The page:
Liz's Looming Lunacy

An author trying to find her place in the world.


Swain's world (The Cosmic Unicorn #1); A Day in the Life (Alternate Hilarities #3); The Lawnmower that Ate Manhattan (NIEKAS, I forget the issue); Spring Cleaning (Sound Waves); Shadow Play (The Parasitorium II: Parasitic Sands, 2007); Crow's Feat (Free Fall (February, 2007) Oh, and Obligatory Holly Lisle Affiliate Link for writing workshops and stuff.


Causality and Affectation (carried over from my Yahoo group)

Dear Folks,

I do accept ideas for prompts as well. Just so you all know. ;-)

I admit to surprise that I'm online at all. Terror's computer is in the shop (we're still waiting to hear from Jason Bruno of Dynamic Computer Services in Mastic on the computer's status) because the fan was being a not-so-fan. For some strange reason I have managed to get the wireless network on my system running despite this little problem.

Anyway, to the prompt or prompts.

You see, I'm working on a book right now and it opens with the death of a character. This is all part of the plot, the "loaded gun". But to set everything up, you start with an intro scene, the set up to the event, then move on to the event itself, and the scenes after that are the ones where your protagonist deals with the event.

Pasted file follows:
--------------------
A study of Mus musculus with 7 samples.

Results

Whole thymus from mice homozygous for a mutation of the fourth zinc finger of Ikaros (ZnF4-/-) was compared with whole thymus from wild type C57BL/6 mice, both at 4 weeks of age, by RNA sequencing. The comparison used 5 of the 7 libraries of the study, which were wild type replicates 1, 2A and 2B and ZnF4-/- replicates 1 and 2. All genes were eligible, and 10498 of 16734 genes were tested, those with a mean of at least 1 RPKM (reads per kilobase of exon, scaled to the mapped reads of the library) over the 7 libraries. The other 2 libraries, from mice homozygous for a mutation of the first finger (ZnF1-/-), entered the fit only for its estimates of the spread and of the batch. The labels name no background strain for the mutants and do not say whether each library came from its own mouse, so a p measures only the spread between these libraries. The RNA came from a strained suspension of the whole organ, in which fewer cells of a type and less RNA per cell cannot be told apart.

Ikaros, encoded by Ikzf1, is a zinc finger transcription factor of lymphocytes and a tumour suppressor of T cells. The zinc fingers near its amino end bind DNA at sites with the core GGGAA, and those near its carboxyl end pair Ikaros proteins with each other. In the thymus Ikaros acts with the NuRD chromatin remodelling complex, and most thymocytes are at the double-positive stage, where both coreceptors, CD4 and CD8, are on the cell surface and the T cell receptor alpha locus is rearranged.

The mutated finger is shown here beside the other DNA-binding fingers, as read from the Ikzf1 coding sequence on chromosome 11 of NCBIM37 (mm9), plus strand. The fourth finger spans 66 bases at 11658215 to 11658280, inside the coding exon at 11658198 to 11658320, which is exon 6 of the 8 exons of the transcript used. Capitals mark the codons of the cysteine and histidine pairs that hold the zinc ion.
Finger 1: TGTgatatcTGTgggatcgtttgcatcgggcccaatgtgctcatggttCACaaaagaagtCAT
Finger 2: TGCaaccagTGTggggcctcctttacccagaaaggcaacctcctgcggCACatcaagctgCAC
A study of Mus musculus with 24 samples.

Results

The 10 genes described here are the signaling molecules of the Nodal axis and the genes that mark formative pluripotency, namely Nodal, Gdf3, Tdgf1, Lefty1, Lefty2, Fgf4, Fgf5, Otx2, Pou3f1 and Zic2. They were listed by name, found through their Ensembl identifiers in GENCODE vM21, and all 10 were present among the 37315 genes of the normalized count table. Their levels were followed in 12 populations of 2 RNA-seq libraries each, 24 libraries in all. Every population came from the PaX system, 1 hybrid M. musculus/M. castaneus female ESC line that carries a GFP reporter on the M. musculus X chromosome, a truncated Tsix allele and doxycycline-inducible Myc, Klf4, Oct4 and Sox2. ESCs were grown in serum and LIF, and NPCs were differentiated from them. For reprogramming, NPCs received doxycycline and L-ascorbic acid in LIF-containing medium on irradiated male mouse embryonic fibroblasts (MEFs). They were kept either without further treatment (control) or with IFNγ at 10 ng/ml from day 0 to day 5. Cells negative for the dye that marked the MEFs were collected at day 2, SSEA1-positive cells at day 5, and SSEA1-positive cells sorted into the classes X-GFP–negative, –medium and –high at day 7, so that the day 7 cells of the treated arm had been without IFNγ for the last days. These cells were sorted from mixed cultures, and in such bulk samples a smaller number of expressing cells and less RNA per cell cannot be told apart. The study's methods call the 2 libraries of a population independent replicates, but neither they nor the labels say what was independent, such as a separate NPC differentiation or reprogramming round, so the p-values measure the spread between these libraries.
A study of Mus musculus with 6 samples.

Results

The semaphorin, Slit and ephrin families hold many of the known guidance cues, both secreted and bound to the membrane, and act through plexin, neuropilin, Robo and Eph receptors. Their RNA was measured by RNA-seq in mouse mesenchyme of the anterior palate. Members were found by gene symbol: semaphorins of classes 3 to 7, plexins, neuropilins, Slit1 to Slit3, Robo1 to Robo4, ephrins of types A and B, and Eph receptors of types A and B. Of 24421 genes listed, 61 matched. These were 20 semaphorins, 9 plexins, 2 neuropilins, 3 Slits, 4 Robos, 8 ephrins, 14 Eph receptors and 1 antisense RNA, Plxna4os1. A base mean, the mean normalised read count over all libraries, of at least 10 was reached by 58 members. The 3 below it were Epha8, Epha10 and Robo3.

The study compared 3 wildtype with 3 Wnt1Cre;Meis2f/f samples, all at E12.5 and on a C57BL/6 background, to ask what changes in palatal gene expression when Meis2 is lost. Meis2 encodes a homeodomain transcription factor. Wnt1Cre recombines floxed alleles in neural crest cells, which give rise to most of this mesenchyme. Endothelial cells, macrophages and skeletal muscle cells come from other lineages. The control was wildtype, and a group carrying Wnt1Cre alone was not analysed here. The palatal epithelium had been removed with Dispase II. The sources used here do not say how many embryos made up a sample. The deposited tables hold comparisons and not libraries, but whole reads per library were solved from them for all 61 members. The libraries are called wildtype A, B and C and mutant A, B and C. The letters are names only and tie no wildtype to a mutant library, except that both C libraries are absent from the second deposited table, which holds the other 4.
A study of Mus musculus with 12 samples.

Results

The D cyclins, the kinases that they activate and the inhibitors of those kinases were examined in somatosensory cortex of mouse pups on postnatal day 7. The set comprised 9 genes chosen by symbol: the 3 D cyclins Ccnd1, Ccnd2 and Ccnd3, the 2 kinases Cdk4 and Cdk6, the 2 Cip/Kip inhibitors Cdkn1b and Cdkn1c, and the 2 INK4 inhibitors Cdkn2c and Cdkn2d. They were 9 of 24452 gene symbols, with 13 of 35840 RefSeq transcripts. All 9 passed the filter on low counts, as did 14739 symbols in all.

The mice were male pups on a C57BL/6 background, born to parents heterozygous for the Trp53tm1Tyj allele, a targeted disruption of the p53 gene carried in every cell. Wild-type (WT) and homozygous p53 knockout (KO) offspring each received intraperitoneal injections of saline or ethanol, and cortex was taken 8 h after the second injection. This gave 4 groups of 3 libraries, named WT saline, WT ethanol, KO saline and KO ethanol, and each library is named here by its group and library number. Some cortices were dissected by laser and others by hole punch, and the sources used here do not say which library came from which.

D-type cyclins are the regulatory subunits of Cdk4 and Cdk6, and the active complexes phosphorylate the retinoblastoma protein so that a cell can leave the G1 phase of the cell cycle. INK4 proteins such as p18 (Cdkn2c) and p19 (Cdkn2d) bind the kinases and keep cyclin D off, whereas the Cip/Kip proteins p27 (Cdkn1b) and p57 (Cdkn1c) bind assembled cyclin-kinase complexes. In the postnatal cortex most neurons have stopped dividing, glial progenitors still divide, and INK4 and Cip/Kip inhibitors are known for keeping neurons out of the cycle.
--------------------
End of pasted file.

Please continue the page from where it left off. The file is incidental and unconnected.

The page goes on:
This can be written as a story or as a poem. William Shakespeare wrote much in ballad form, and you can tell a story in poetic form, some of the best poems work that way too.

The beginning, or "status quo" is the prologue, the calm before the storm, the event leading up to The Change. Chance is necessary in fiction because it sets the story in motion: but a few brush strokes to illustrate life before the change underscores the importance of that change. It's a technique that's not used in every story, but it can be used to good advantage, mostly in novellas and novels, but sometimes in shorter works (one example of the shorter work is Robert Sheckley's story "Pandora's Box -- Open With Care" from the September 2000 issue of Fantasy & Science Fiction).

Every writer seems to have some change in mind. What do you think might happen before the change, as if to highlight and underscore the effects of the change?